Discussion in 'Other Guitars, other instruments' started by drmordo, Jan 18, 2021.

  1. Flakey

    Flakey Friend of Leo's

     

    sloppychops Tele-Holic

     

    Tom Grattan TDPRI Member Silver Supporter

     

    bigjohnbates Tele-Meister

     

    billy logan Tele-Meister


    Several mentions: the f-hole guitars project sound forward - not so much upwards to where the players can hear themselves.

    Sound port in the player-side upper-side, anyone? Retro-customize or custom order, I guess would be required, one.

    (tribute vid in post #62, Mr Monteleone has created some (ok, different type of guitar) w/upper side sound port)
     

    aslusar NEW MEMBER!

     
  7. Vermoulian

    Vermoulian Tele-Meister


    But after reading this thread, I have a questions for @Chicago Matt, @Martian, @mfguitar, @runstendt, or anybody else with experience with Washburn jazz boxes: Could you comment on the neck dimensions and shape re those guitars? I've seen some things suggesting that Washburn necks are on the narrower side, but I haven't been able to find actual specs from a source I'd consider reliable.
     

    Chicago Matt Friend of Leo's

    It's 3/4" deep at the nut and slightly thicker at the heel.
    Scale length is 25 1/4".
    The fingerboard width is 1 5/8" at the nut and 2 1/8" at the other end. Hope this helps.
     
    Last edited: Jan 22, 2021

    runstendt Tele-Meister


    Nut width: 1 11/16"
    Neck depth: 3/4"
    12 Fret width: 2 1/16"
    Scale Length: 24 3/4"
    Body Depth: 2 7/8"

    As far as the neck shape goes, I think it is more along the lines of a C shape. I'm not very good at telling the different shapes, I either like them or I don't. It's round, and it does not have any rounded "corners" like some guitars do. The best I can do is compare it to other guitars that I like. I love the G&L #1 neck profile, and I think that the Washburn neck is similar to that.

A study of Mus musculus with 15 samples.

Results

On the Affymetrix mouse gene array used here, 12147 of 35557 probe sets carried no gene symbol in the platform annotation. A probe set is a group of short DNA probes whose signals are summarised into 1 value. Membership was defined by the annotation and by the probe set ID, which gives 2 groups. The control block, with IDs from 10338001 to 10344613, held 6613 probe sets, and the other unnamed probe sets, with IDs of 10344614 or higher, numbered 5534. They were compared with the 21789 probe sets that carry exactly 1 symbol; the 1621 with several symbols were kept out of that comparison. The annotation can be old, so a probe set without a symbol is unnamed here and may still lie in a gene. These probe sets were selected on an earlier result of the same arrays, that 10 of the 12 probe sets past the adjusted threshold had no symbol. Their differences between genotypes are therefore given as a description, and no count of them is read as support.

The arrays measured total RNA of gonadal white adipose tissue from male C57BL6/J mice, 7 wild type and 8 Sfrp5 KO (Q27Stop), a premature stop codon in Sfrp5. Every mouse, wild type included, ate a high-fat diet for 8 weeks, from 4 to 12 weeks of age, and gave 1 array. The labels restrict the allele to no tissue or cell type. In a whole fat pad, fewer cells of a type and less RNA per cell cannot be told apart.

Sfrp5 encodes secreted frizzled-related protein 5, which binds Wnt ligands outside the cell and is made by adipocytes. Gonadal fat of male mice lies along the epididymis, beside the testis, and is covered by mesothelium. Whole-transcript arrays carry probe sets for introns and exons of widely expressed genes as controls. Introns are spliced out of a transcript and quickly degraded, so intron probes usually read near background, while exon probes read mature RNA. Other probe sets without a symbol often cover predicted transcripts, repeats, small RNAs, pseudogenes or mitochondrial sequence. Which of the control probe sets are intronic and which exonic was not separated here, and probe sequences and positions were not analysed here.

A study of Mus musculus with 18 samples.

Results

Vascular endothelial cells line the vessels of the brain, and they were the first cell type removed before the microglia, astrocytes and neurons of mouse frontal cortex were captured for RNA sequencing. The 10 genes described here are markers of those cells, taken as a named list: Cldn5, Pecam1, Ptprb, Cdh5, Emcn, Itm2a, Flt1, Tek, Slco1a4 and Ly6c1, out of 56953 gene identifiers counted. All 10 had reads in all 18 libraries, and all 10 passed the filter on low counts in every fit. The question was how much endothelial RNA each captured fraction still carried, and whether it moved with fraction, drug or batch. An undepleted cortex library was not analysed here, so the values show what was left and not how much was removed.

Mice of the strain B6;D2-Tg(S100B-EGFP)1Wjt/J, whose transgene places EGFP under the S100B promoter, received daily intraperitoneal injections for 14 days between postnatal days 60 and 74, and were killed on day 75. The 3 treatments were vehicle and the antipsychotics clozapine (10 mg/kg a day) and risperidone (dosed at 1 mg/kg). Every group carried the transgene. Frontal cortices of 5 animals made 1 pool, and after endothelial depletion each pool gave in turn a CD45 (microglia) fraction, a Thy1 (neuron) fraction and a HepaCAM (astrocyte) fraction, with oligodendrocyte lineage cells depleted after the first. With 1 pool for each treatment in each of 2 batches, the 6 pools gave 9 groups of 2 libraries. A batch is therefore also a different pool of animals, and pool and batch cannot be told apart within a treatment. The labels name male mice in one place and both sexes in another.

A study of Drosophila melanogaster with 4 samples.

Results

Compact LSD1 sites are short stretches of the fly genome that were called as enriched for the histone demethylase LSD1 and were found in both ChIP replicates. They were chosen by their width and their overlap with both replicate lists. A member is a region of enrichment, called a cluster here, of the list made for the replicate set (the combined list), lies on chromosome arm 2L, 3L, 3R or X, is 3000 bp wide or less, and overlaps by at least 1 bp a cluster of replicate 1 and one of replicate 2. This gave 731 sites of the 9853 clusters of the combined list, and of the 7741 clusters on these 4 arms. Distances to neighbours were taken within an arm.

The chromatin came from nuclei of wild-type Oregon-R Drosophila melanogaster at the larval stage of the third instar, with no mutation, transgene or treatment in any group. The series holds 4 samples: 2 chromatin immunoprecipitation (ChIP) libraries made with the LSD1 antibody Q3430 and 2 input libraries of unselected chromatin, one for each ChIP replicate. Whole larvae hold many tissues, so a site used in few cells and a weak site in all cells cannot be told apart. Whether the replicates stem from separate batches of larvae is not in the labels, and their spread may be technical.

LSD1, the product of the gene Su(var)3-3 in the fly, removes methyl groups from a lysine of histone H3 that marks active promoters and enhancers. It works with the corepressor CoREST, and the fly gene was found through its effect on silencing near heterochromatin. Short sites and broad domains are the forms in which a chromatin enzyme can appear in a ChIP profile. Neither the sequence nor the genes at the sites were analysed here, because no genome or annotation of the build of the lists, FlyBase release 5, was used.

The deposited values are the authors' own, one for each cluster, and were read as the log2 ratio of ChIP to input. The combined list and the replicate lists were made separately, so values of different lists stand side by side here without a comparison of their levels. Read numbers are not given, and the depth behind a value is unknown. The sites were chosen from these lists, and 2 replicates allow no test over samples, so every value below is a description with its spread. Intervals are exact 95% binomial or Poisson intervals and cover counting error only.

Pretty, isn't it?

    IMG_9673.JPG
     
  10. hmemerson

    hmemerson Tele-Meister Vendor Member

     

    hmemerson Tele-Meister Vendor Member

    John has been putting Side-Sound on his carved tops and flat tops since The Blue Guitars collection was commissioned by the late Scott Chinery in 1998. The guitar John made for me last year has the Side Sound. I also own a 1930 Gibson L-5 as you may have seen, and despite its not having a side port, it's very, very easy to hear.

    The lap slide archtop that John made for my friend Ben Harper actually has a Side Sound port on the treble side lower bout, facing the audience!

    IMG_4032.JPG
     

    Electric Warrior Tele-Holic Ad Free Member

     
  13. mfguitar

    mfguitar Tele-Afflicted Silver Supporter

    Width
    Nut 1 21/32
    12th Fret 2 3/64

    Thickness
    Nut 7/8
    12th Fret 1 1/64
     

    Maguchi Tele-Holic


    Gibson L4CES.jpg
     
    Last edited: Jan 23, 2021
  15. Martian

    Martian Tele-Meister Gold Supporter

     

    joelguitars TDPRI Member


    The Loar has a solid spruce top and it is satisfying to play amplified or unamplified. It doesn't have the volume and depth of flattops but very good balanced acoustic tone. There are some design choices that are interesting such as the 'shallow' arch which translates to lower neck angle and bridge height. Also has wider neck (1-3/4" at the nut).
     

    sloppychops Tele-Holic


    Here's one that sounds really nice:



    This guy talks too much, but this gives a good idea of its tone, too. Skip to 4:36 for when the playing starts. Mine sounds pretty much just like this one.

     

    Flaneur Friend of Leo's


    I have an Epiphone ES175. The thin finish accentuates the hollow body character and the Gibson '57s complete the effect, when plugged in. They were a limited run- but if you see one for sale, I'd recommend you take a look......

    IMG_20190606_155801479.jpg
     

    crazydave911 Doctor of Teleocity

     

    Wyzsard Friend of Leo's


    I'll probably go down to the EJ17 set I when I change them though, and just tune down a half step.

    It's so comfortable to play standing or sitting. I never installed the pick guard.

    0407201811a~2.jpg 0407201718~2.jpg

    Fretboard looks a lot darker in person. That's a crappy phone photo.